Known and unknown pandemic models

8 thoughts on “Known and unknown pandemic models”

  1. Hi Raghu,

    As always, thank you for the post. You point out some very good points, and I think another reason why we haven’t seen very many detailed studies might have to do with the way resources are being/ have been partitioned. For example, while governors may have largest say in how their state responds to the pandemic (which is probably a good thing), they have to fight from a large pot of resources to do so. This points to a flaw in resource allotment from the beginning, but it also points to a weird dynamic for determination of quantity of resources allotted. Perhaps it isn’t as strategic for a state to give highly tailored information for their particular situations when the federal government sees 49 other states claiming a simpler argument for maybe a larger piece of the pie. Perhaps our leadership (or lack thereof) doesn’t allow for complex arguments in the face of complex problems.

    Related question: Are you or any colleagues currently teaming up to develop such a model?

    Hope you are well.

    1. Thanks! About “Perhaps our leadership (or lack thereof) doesn’t allow for complex arguments in the face of complex problems.” I agree, though I’m sadly realizing that most people, not just our leadership, have an even bigger aversion to complex arguments than I thought!
      About developing a better model: no, I’m not working on this. I could give a bunch of reasons that aren’t wholly satisfying. If you want, I can tack these onto the post!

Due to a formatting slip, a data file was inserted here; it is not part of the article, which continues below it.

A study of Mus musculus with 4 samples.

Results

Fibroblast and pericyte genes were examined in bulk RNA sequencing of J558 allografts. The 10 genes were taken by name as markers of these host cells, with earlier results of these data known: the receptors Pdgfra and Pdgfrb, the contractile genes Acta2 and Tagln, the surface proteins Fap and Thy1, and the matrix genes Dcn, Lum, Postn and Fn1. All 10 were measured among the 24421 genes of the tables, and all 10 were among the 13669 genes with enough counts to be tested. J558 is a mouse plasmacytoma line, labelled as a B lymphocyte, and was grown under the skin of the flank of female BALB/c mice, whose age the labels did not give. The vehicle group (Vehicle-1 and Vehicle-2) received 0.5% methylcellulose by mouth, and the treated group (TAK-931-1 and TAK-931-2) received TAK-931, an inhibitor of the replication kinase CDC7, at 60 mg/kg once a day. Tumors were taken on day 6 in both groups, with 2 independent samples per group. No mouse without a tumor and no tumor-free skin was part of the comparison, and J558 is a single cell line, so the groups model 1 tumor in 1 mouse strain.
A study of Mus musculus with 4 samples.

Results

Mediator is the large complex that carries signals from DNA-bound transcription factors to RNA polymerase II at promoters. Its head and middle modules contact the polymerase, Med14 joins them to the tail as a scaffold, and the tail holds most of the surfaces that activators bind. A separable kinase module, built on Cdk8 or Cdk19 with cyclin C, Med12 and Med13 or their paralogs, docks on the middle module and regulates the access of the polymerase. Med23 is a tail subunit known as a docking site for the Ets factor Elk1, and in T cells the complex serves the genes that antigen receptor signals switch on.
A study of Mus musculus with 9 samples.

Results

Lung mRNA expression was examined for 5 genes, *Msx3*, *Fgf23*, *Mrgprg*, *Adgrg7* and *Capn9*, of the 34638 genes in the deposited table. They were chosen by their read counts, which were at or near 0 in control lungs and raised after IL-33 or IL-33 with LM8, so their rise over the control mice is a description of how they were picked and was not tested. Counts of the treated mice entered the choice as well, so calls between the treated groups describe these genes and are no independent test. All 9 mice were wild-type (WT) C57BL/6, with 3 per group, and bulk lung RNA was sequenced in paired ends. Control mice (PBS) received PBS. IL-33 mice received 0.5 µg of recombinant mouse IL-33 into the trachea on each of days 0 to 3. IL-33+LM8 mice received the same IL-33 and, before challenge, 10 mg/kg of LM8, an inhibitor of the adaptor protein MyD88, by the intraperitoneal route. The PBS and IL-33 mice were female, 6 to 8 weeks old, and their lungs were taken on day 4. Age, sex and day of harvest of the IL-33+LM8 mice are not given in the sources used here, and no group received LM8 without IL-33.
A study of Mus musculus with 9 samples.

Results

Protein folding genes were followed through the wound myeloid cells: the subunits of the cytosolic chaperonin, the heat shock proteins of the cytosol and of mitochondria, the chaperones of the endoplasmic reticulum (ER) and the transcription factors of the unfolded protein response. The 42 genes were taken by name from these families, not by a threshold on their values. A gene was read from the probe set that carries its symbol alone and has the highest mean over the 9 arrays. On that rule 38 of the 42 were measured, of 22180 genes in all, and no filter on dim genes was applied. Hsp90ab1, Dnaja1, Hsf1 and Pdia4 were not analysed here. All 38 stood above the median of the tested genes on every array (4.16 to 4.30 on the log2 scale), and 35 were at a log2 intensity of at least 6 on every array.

2. What specific questions do you want to use the models to answer?

    It’s not a good idea to add model complexity because “X matters” rather than because there’s a specific question you have in mind and a plausible argument for why modelling X in detail is relevant to answering that question.

    So a third possibility is that the kind of detail you want isn’t considered necessary for answering the kinds of questions these models are used for. Maybe the model parameters are fit with such noisy/stale data that it would make no sense to ask detailed questions of the resulting models. In this case, the kinds of details you suggest including may not be relevant for the kinds of questions which *are* asked.

  3. There are plenty of bad models out there — particularly the U Washington IHME one.

    But how much looking have you done for good ones? Have you read the Imperial College London paper from March 16? Their model seems quite good, and well-suited to simulate the effects of various policies.

  4. Me and some colleagues (at Leeds and Cambridge) are starting to do what you suggest, but it is data and time hungry. We did apply for a grant to do this a couple of years ago, but the need was not appreciated then. In a way this is quite mundane – where people go each day and who they meet, but it would be so useful for many tasks (e.g. crime and transport modellings as well as epidemics).

    1. Great! Sorry for my slow “approval” of this comment to be posted — WordPress used to alert me if comments appear, but this doesn’t seem to be happening anymore, so I have to remember to check manually.